Exeter takes hard look at its financial future

EXETER – Exeter’s deficit spending is becoming a critical problem according to city manager Adam Ennis.
Two weeks ago at their Oct. 23 meeting the Exeter City Council received a update on the City’s finances, and what they can expect moving forward. One message was clear by the end of it all: the City is reaching a point where they can not keep cutting expenses and they need to increase revenue.
In June the city council passed a two year, 2018-19/2019-20, budget. The first year was balanced, while the second year is still expected to carry a slight deficit.
“To bring the budget closer to being balanced expenses were cut, including reduction and maintenance of low levels in staffing along with maintenance and capital improvement deferred for facilities,” a city staff report read. “As a result, the City’s reserves have been exhausted to a critical level.”
The city staff report added the enterprise funds should be the “backbone” of the city’s budget because they are funded by sustainable rates and not affected by the economy.
Since before Ennis assumed his position as city manger in June, the City had decided to take a deep dive in their water fund. According to Ennis the water system is one of the City’s largest concerns and the city council has directed staff to focus their efforts on improving it. A master plan for the Exeter water system is currently underway. The plan is intended to give city administration a full scope of the work needed to fix the current system while providing suggestions for more water storage and water needed to accommodate growth. But the sewer fund is not without its problems. Ennis says the sewer system needs maintenance for its lift stations and plant components.
The rate customers have to pay for the service is intended to fund the entire system. Ennis says through master plans existing deficiencies and needed repairs and modifications of the systems will be identified, capital improvement programs developed and costs prepared.
“Once the data is collected it can be analyzed to determine what rate is needed to sustain what rate is needed to sustain a reliably functioning system into the future,” a city staff report noted.
The City will have to introduce a Proposition 218 process where all property owns will have the opportunity to oppose a utility rate increase. Fifty percent plus one land owners would have to formally protest an increase for it to fail to reach the council. Otherwise the city council could vote it down.
While the City looks to increase revenues for their enterprise funds, they are also looking to increase revenues for their general fund, where they are most vulnerable. City staff reports note there is potential to add revenue to the general fund by adjusting some fees the City currently charges and identifying some places where revenue have not been collected.
Already, city staff has identified there may be a significant number of Air B’nB businesses that have not payed for a business license or a transient and occupancy tax. There is also the possibility that revenue grows with the improvements to infrastructure. According to an administrative staff report, staff will be improving the development process and affirm that fees cover costs and don’t unnecessarily draw from the general fund. They have also begun the process of evaluating landscape and lighting district rates so they are sufficiently covering their own costs.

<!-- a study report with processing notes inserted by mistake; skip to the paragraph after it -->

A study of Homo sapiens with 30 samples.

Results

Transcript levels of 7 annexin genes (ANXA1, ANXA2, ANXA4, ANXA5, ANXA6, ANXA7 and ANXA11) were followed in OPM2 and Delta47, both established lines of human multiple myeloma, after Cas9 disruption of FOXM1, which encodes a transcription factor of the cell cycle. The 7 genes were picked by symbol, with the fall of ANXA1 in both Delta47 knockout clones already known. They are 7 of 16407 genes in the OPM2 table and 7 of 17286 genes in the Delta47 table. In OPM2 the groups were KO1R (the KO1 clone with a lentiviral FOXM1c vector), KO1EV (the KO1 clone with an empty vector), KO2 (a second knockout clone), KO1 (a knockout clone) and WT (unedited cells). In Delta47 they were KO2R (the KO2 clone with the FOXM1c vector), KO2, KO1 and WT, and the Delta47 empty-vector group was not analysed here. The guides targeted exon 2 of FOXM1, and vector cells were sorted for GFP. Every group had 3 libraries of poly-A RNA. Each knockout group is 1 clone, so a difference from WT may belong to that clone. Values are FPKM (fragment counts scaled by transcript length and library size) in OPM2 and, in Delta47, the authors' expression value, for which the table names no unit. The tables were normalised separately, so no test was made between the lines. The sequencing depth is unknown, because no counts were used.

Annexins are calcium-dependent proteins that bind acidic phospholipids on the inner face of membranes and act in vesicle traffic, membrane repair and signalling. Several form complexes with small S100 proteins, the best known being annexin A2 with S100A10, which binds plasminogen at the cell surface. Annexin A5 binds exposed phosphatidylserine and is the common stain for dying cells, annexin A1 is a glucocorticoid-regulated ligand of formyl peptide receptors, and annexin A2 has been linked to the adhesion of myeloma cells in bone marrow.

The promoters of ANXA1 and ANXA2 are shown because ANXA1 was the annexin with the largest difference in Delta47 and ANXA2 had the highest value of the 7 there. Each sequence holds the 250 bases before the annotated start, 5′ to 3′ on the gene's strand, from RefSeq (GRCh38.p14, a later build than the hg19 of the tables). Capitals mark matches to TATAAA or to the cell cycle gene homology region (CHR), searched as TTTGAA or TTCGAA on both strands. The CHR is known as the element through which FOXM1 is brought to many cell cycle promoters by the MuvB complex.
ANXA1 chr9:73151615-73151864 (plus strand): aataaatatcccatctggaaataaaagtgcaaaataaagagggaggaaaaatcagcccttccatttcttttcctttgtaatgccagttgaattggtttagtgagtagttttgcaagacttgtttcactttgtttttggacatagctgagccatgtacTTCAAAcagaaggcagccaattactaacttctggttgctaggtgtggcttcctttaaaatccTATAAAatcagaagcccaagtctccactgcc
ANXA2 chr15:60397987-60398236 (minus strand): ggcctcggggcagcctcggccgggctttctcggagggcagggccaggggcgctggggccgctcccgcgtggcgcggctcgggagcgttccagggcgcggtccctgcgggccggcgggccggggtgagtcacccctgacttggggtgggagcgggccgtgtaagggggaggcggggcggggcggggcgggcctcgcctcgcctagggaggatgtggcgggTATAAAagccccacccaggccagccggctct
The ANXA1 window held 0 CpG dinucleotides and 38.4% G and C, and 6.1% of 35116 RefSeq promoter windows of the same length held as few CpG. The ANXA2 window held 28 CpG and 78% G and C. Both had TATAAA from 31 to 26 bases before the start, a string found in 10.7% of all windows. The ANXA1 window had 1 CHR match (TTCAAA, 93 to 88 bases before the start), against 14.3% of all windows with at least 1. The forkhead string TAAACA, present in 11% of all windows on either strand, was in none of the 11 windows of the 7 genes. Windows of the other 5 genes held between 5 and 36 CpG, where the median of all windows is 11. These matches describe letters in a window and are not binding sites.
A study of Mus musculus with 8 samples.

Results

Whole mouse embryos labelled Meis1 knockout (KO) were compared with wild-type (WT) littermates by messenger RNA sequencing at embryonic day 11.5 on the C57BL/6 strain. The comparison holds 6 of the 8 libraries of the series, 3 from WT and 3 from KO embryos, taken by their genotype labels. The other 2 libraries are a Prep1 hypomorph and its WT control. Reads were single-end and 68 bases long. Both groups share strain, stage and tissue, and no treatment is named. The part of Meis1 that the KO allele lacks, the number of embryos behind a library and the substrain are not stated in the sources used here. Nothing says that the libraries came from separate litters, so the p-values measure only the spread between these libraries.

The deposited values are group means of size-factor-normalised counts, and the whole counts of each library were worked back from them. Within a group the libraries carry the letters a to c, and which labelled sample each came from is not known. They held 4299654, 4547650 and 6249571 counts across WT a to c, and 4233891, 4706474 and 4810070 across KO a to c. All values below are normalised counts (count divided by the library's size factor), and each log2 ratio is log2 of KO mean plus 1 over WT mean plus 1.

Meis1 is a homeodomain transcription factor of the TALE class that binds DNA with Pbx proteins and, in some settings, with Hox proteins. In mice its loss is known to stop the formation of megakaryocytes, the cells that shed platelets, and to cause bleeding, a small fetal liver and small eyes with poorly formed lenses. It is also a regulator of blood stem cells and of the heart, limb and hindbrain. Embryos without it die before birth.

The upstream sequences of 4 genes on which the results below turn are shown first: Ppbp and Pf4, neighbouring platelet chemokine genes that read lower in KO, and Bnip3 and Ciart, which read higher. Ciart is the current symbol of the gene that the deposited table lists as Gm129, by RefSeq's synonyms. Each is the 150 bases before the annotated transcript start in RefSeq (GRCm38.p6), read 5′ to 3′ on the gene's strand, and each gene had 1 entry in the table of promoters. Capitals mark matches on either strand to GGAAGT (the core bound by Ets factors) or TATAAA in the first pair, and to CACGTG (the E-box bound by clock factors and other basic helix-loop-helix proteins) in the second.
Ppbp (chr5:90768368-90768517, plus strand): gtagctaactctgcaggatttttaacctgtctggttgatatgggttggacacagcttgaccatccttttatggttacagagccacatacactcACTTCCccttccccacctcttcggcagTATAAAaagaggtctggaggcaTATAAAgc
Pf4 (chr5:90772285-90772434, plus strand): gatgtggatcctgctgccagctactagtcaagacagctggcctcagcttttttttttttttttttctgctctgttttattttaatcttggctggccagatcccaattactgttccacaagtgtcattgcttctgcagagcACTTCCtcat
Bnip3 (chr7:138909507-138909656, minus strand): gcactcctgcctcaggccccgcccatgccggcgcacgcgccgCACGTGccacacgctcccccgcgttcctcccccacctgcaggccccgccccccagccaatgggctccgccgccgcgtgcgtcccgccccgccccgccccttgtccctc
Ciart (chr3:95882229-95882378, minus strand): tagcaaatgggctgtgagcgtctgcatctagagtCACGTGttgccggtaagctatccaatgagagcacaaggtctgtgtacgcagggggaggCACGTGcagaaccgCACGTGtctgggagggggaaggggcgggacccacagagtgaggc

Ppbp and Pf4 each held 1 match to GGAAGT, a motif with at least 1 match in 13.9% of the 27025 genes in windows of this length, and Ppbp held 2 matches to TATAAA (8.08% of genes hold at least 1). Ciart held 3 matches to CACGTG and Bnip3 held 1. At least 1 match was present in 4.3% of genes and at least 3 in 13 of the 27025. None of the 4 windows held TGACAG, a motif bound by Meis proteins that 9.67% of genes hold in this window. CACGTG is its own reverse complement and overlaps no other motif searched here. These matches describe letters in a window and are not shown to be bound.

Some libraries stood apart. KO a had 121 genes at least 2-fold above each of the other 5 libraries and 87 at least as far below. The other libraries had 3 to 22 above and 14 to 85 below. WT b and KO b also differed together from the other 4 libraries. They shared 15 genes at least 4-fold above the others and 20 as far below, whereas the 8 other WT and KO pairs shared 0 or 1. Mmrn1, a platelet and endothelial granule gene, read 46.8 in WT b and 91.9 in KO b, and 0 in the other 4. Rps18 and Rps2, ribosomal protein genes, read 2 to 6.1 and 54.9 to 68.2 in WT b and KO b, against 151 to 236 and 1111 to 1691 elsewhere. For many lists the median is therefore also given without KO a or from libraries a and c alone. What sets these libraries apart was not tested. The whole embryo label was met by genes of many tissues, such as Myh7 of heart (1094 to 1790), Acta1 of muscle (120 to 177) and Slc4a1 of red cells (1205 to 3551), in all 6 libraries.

City staff expects enterprise rate adjustments and general fund adjustments to be completed by spring 2019 before they look into sales tax measures to increase general fund revenue.
“Right now the City of Exeter does not have a local sales tax measure but other surrounding cities do have one,” Ennis said.
Farmersville, Woodlake and Lindsay all passed either full or half per cent sales tax measure in 2017 to bring their sales tax rate in line with most Tulare County cities at 8.75%. Visalia’s Measure N passed in November of 2016 and brought their sales tax rate to 8.5%. Each measure for their respective cities was promised to bring in hundreds of thousands of additional dollars to the general fund. Farmersville expects to brining in $300,000, while Woodlake is expecting $400,000 and Lindsay was projecting $900,000 over the course of the first year when it passed in June 2017.
“There are many advantages to a local sales tax measure such as, all money collected goes to local needs, the funding can be shifted with needs as they may change in the future, and the community can have direct input and oversight into the decisions made regarding the funding,” Exeter staff reports read.
Ennis said during the Oct. 23 meeting there would be an oversight committee established if the public approved a tax measure in the 2020 election.
Lindsay, Woodlake, Farmersville and Visalia have spent their extra dollars on things they had lacked relating to the general fund. Most invested in their public safety departments that often make up about 60% of the general fund budget. In addition to public safety Woodlake worked to establish a recreation department.